Tuesday, April 18, 2006

Oprah The Shopping Mall Creditcards With Eyeballs


Women in cyberspace ~ so desirable, so vulnerable

From The Statesman

The dotcom world is rising again. Companies that survived the last crisis have revamped their business models by turning cyberspace into an extended turf of their existing businesses.
Cyberspace has become a goldmine of valuable information left by surfers, which could be turned into databases for target marketing. Cyber profiling is emerging as an important business tool for reaching the right woman through narrowly focused and targeted popup and banner advertising and e-mail marketing.

Since most of the domestic buying in the USA, more than 80 per cent according to some estimates, is done by women, data miners and cyber profilers are concentrating on websites aimed at women, which is raising serious concern about information privacy.

It is no great surprise that advertisers and marketers have begun to use the Internet in befriending women because they control effective spending. Only in the matter of high expenditure items like buying a new house, car or going on a vacation, men do butt in with their wisdom, though even in these domains, the woman's voice is decisive.

Advertisers have known the truth all along. In the 1920s, radio began to develop as a mass medium with a potential to reach millions of women, most of who did not have jobs and stayed at home with children and extended families. Domestic product companies like Proctor & Gamble developed daytime serial dramas to entertain and hook women so that they could listen to soap commercials.

That's how daytime radio dramas came to be called soap operas. In the 1950s, when television started to dominate American homes, soap operas migrated to the new medium and they have continued to retain their popularity, in spite of the fact that most women work today.

Soap operas dramatise women's problems ranging from date rapes and workplace harassment to raising children and keeping up with husbands in a culture where matrimony is one block away from the divorce court.

Those who do not succumb to the charm of slow moving daytime dramas cannot resist the temptations of Oprah Winfrey, her talk show, her "O" magazine, and her Oxygen Media, where TV and the Web converge. She is probably the biggest electronic shopping mall where women come and go talking of George Clooney and Tom Cruise, but leave with bags full of goodies. Women are "inherently desirable" not only in cyberspace but also in the traditional media because they virtually control the purse. Why? Because women love to shop.

Men do not know even the size of their own shirt collar. Ask a man to buy an apple and he would bring an orange! Men can't buy their pajamas or decide on what colour their boxers should be. Home Shopping Network and other interactive television shopping malls run on the patronage of women. Men in the mall might push the cart, but women fill it up.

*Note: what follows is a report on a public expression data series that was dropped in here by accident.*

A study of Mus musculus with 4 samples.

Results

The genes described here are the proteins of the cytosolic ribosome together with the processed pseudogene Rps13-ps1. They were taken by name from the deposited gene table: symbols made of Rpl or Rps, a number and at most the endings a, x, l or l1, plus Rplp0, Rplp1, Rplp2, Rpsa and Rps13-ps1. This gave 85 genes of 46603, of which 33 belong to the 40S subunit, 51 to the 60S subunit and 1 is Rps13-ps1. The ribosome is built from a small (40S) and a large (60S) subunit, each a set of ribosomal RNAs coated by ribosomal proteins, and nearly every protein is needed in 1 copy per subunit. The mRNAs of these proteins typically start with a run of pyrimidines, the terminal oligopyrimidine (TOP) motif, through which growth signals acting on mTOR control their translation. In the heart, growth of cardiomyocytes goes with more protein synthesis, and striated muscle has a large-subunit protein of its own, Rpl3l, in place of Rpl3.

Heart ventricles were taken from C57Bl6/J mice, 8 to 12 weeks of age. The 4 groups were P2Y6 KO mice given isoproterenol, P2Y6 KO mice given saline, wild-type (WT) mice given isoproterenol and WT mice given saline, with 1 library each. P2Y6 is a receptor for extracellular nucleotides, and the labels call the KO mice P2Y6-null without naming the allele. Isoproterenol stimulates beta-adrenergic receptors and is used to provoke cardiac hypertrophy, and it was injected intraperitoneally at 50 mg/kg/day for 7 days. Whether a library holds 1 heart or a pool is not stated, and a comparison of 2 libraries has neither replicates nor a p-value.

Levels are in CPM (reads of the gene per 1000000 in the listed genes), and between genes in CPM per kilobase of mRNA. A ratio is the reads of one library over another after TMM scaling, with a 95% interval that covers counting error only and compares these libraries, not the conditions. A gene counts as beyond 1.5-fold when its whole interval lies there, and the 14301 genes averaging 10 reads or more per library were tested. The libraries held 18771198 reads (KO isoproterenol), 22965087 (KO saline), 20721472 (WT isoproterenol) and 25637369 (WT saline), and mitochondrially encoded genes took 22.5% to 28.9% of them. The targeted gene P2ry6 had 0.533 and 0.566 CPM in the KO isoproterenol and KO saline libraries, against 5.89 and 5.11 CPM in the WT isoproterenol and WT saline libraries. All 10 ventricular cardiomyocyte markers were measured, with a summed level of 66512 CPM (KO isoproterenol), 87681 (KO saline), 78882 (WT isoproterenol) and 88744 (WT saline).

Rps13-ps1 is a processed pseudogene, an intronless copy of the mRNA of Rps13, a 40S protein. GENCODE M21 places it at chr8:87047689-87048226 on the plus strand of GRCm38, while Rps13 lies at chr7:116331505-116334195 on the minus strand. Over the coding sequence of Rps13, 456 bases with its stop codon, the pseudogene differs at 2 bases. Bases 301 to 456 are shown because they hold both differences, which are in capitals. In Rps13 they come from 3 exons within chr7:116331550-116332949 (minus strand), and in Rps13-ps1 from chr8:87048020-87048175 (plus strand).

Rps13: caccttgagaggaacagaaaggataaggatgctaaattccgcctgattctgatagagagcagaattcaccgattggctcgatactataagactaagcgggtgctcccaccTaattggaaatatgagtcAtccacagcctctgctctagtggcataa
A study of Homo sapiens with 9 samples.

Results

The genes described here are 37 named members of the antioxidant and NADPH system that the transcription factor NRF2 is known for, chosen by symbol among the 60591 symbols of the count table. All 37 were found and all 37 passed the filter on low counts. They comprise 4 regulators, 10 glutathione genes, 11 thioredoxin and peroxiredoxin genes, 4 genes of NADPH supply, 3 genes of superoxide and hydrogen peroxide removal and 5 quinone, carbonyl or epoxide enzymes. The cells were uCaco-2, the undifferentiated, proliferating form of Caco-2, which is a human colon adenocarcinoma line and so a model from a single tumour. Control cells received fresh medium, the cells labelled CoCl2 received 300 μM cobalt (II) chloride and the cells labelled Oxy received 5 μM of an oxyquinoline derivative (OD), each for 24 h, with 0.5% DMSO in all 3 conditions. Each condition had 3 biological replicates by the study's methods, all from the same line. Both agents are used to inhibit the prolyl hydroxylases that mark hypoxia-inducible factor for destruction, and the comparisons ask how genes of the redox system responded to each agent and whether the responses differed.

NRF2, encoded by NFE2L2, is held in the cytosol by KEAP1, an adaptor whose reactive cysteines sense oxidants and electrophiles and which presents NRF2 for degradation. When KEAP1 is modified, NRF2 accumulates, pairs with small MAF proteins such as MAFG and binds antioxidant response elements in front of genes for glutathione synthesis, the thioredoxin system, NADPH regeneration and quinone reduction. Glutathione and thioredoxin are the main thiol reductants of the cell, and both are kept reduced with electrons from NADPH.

There lies the future of cyberspace as a medium of e-commerce, but that would require the building of high quality websites where women feel comfortable and do not mind shedding valuable data that can be aggregated and collated into reliable individual profiles. Imagine every woman having her own personal shopping corner in cyberspace where everyone knows her tastes and preferences and where all her problems can be solved.

So when a woman enters iVillage.com or Oxygen Media portal, she could join a women's chat group and make new virtual friends; explore fitness and beauty issues and food recipes, while working from home and parenting; find advice about her job and tips about marriage, dating and love; and publish her personal story on the Web.

There is a price to pay for in cyberspace free lunch is a thing of the past. As women become comfortable in their own cyber quarters, they will be scanned of all their personal data, including intimate details, but unlike at the airport, where touching and probing and electronic scanning can be so humiliating, in cyberspace it will be painless because they won't even know it.

Once cyberspace held so much promise for women, wrote Professor Ann Bartowin in the University of San Francisco Law Review, that it was the closest women could come to being "brains in boxes". "In cyberspace, we would not be judged by our bodies. No one would know when we have bad hair days. We would not have to wear make-up and high heels. We could be even 'men' without the hormones or expensive surgery. Then we began shopping and chatting over the Internet. Shortly thereafter, we learned that anyone in cyberspace could ascertain our gender, ages, incomes, education levels, marital status, sizes, consumer purchase proclivities, aspects of our health, and employment histories, and the number, ages, and genders of our children, and that this information could be used to sell us goods and services. Now, instead of 'brains in boxes', we are eyeballs with credit cards."

That's a terrible disappointment for women who thought that the anonymity of cyberspace would enlarge their freedom and empower them vis-à-vis men. But instead of reaching new thresholds of freedom and equality, women are being robbed of their privacy through surreptitious profiling. Welcome to cyber age.